Visoki Decani is a major Serbian Orthodox Christian monastery located in Decani, Kosovo.
The Visoki Decani monastery is located by the Decanska Bistrica river gorge at the foot of the Prokletije Mountains, in western Kosovo. It is located about 2 kilometres (1.2 mi) from the town of Decani. The monastery is owned by the Serbian Orthodox Church, Decani Monastery Administration; it is managed by the Eparchy of Raska and Prizren. The monastery has been under the legal protection of Serbia since 1947.
Construction began during the reign of Serbian King Stefan Uros III Decanski in 1327 and the original founding charter from 1330 has been preserved. Decanski's son, Stefan Dusan, seized the Serbian throne in 1331 and had his father strangled to death in the Zvecan Fortress shortly afterwards. Decanski was buried in the still incomplete Visoki Decani monastery in 1331 and its construction was continued by Dusan. The monastery's main architect was Fra Vita, a Franciscan monk from the Montenegrin coastal town of Kotor. Construction of the monastery lasted for a total of 8 years, and ended in 1335. The wooden throne of the hegumen was finished at around this time, and the church interior was decorated. Decanski's carved wooden sarcophagus was finished in 1340.
Bulgarian writer Gregory Tsamblak, author of The Life of Stefan Decanski, was the head (hegoumenos) of the monastery at the beginning of the 15th century. The painter-monk Longin spent two decades in the monastery during the second half of the 16th century and created 15 icons with depictions of the Great Feast and hermits, as well as his most celebrated work, the icon of Stefan Uroš. In the late 17th century, the Turks plundered the monastery, but inflicted no serious damage.
20th and 21st century
During World War I, the monastery's treasures were plundered by the Austro-Hungarian Army, which occupied Serbia between 1915 and 1918. The monastery fell within the territory of the Italian-ruled Albanian Kingdom during World War II, and was targeted for destruction by the Albanian nationalist Balli Kombëtar and Italian fascist blackshirts in mid-1941. The Royal Italian Army responded by sending a group of soldiers to help protect the monastery from attack.
The monastic treasure was exhibited in the rebuilt medieval refectory in 1987. The monastery's monks sheltered refugees of all ethnicities during the Kosovo War, which lasted from March 1998 to June 1999. On 7 May 1998, the corpses of two elderly Albanians were found 400 metres (1,300 ft) from the monastery. They were reportedly killed by the Kosovo Liberation Army (KLA) for collaborating with Serb forces. The KLA staged an attack not far from the monastery on 8 May, killing one person and wounding four others. That evening, Decan's 300 remaining Serbs came to the monastery to seek shelter. The Albanian civilians seeking refuge in the monastery returned to their homes following the withdrawal of Serb military personnel from Kosovo in June 1999. An Italian unit of the Kosovo Force (KFOR) was subsequently assigned to guard the monastery, which was attacked on several occasions. Dozens of Romanis sought sanctuary in the monastery over the next several months, fearing retaliatory attacks by their Albanian neighbours, who accused them of collaborating with the Serbs and looting Albanian homes.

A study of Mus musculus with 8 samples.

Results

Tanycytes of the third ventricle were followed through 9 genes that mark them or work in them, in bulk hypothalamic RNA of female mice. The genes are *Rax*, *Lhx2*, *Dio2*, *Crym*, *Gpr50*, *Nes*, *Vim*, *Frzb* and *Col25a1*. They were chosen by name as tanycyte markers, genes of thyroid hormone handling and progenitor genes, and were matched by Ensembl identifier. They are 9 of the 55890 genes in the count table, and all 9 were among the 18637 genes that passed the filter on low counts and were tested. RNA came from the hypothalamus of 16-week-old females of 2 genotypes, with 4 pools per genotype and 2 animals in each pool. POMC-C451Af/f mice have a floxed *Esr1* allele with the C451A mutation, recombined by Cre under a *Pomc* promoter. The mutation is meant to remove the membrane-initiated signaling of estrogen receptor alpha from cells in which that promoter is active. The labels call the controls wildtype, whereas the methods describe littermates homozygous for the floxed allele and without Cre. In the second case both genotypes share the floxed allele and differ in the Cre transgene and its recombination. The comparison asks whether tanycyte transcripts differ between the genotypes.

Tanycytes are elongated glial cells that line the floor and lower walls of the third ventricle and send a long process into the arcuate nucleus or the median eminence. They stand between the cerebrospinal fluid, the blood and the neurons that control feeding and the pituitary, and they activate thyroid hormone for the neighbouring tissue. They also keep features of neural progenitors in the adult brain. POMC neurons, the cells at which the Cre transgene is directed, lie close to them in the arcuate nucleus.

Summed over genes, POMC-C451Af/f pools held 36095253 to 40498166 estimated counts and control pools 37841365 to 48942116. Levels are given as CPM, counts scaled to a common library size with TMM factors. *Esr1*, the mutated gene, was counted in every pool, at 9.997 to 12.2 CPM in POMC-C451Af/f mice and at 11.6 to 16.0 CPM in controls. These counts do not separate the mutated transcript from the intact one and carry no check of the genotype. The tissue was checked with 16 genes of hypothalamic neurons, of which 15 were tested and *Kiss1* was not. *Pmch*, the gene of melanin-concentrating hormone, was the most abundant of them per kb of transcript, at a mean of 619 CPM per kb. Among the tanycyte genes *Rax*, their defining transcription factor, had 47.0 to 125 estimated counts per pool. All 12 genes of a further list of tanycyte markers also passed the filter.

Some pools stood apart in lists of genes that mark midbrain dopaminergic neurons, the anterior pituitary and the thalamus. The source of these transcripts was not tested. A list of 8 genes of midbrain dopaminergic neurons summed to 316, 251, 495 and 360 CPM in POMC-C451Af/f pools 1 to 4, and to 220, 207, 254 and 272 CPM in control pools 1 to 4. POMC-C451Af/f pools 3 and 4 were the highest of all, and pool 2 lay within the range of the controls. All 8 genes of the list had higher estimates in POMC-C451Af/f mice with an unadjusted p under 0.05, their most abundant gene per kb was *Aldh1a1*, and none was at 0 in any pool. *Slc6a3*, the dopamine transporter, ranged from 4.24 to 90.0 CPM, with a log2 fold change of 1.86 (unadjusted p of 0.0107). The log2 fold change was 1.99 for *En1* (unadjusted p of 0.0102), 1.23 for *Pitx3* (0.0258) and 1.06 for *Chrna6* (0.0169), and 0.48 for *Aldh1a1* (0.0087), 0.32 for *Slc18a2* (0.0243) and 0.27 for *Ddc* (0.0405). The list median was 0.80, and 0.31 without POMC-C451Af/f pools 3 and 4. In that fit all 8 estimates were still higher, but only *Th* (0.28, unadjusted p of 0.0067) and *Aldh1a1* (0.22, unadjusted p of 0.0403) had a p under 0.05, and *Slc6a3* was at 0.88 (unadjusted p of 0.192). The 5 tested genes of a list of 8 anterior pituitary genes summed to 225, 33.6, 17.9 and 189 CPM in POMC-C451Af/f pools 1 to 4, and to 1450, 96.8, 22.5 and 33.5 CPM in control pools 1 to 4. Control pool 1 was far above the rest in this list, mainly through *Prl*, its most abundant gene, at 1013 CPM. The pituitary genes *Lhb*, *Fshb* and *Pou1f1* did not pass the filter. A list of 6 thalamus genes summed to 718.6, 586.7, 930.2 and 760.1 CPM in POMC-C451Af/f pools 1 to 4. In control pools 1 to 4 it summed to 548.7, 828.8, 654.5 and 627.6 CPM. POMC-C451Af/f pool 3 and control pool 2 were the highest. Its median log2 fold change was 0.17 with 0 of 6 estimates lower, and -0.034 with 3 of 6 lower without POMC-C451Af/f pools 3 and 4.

During violent unrest in Kosovo on 17 March 2004, KFOR defended the monastery from an Albanian mob trying to throw molotov cocktails at it. Several Albanians were shot and wounded in the clash. On 2 July 2004, the monastery was declared a World Heritage Site by the United Nations Educational, Scientific and Cultural Organization (UNESCO). UNESCO cited it as "an irreplaceable treasure, a place where traditions of Romanesque architecture meet artistic patterns of the Byzantine world." The monastery, along with all other Serbian Medieval Monuments in Kosovo, was added to the UNESCO list of endangered World Heritage sites in 2006. Suspected Kosovo Albanian insurgents hurtled hand grenades at the monastery on 30 March 2007, but caused little damage. In recent years, the situation around the monastery has stabilized and it has reopened to visitors. Serbian President Boris Tadic attended a service at the monastery in April 2009. U.S. Vice President Joe Biden visited the monastery the following month.